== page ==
Background: An estimated 3% of untreated group A beta hemolytic streptococcal (GABHS) pharyngitis can lead to rheumatic fever (RF), resulting in rheumatic heart disease (RHD) and other serious nonsuppurative sequelae of infection. Prevalence of disease is disproportionate with the greatest burden among children and adolescents of developing countries; an estimated 95% of RF and 79% of RHD cases are from low income countries. Accurate diagnosis and prompt antibiotic treatment of GABHS pharyngitis is a simple and effective strategy for primary prevention of RF and RHD. Accurate diagnosis is difficult without laboratory testing due to similarities in signs and symptoms with other causes of pharyngitis.

Due to financial constraints, laboratory capabilities are often limited, forcing many physicians in low and middle income countries (LMICs) to either prescribe antibiotics indiscriminately or rely on clinical prediction rules (CPRs). CPRs provide a practical alternative for diagnosis in the absence of laboratory testing. However, few CPRs have been derived specifically for LMICs. Studies have shown that CPRs can be cost effective in hospital settings, but few have been conducted for children from LMICs.

Methods: Children 2-12 years of age presenting with complaint of sore throat were enrolled in four urban university pediatric outpatient clinics from September 2001 to August 2005 in Rio de Janeiro, Brazil, Cairo, Egypt; Riga Latvia and Zagreb, Croatia. The diagnostic component of the study (Chapters 4-5) consisted of generating CPRs for the 1,993 children enrolled in the study. It also consisted of external validation of a) published CPRs from the literature, and b) study developed CPRs. The cost effectiveness analysis component of the study (Chapter 6) assessed the cost effectiveness of the CPR developed for Egypt versus five alternative diagnostic and management strategies.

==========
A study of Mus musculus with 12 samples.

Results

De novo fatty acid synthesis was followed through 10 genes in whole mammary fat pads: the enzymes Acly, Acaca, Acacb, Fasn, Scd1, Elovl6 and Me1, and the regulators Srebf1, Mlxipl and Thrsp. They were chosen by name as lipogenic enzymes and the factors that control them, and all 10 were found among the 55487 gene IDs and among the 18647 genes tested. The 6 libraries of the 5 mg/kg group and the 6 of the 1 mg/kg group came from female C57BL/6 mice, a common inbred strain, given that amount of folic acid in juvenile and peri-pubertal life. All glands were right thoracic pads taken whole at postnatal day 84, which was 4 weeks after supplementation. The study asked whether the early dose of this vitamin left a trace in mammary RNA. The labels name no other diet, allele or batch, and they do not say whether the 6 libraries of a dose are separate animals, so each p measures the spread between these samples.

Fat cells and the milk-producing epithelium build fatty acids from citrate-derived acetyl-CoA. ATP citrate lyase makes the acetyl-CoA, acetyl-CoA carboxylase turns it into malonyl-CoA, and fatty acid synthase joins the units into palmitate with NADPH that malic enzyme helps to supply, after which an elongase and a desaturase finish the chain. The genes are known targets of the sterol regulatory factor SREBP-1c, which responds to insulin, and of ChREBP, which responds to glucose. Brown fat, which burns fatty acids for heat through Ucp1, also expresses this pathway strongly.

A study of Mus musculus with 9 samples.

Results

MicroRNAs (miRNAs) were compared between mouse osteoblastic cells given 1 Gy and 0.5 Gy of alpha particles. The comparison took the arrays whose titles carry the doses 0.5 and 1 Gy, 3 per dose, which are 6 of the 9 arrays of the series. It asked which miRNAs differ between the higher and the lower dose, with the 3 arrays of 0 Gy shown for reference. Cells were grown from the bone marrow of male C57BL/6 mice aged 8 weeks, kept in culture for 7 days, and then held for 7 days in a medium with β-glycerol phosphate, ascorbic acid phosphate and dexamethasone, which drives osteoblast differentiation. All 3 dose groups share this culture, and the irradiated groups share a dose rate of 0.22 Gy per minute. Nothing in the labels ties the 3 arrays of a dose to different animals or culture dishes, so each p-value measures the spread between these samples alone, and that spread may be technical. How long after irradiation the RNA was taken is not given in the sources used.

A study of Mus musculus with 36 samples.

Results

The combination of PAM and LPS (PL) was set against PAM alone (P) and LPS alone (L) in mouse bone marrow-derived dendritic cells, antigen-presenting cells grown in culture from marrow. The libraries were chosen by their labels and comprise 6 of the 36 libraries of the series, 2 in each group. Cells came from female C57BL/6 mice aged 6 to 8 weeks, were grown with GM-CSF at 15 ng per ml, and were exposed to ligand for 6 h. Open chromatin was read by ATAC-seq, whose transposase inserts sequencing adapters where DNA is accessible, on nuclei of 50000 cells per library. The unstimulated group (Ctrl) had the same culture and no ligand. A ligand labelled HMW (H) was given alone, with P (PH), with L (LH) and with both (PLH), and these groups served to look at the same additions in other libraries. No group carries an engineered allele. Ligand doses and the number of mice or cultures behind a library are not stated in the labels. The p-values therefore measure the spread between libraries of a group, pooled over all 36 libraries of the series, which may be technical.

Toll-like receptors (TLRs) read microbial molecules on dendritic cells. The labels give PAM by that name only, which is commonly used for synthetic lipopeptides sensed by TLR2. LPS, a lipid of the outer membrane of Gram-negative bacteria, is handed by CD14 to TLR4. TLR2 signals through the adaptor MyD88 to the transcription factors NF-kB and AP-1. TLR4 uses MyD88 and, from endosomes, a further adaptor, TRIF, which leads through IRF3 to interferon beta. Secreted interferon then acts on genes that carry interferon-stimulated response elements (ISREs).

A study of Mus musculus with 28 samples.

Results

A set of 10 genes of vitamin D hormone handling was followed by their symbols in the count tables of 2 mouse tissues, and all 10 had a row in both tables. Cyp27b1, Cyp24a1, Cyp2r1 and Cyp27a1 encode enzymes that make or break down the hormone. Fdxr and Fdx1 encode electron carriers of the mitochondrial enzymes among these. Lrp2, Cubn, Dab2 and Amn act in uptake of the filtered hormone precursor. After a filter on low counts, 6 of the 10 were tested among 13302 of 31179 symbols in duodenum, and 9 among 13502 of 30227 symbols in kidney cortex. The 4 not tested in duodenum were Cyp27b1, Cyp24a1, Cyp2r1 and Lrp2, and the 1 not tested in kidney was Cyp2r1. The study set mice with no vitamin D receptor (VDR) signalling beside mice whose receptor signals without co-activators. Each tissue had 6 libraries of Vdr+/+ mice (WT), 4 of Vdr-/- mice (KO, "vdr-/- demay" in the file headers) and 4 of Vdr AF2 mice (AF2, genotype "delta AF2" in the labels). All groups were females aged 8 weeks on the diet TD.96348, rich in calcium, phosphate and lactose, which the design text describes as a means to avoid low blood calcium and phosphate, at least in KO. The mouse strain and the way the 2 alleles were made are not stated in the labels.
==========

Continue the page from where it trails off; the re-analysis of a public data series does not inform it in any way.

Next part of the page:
Summary: The dissertation consists of findings from three papers (Chapters 4-6). In paper 1 (Chapter 4), five different CPRs were developed for use in Egypt, Brazil, Latvia, Croatia, and the combined study population. In paper 2 (Chapter 5), external validation of published and study CPRs suggested country specific CPRs were better in the population for which they were developed. In paper 3 (Chapter 6), Culture Only was the most cost effective strategy at baseline estimates; however, the Egypt CRP was cost effective when sensitivity and specificity were at or above 88%.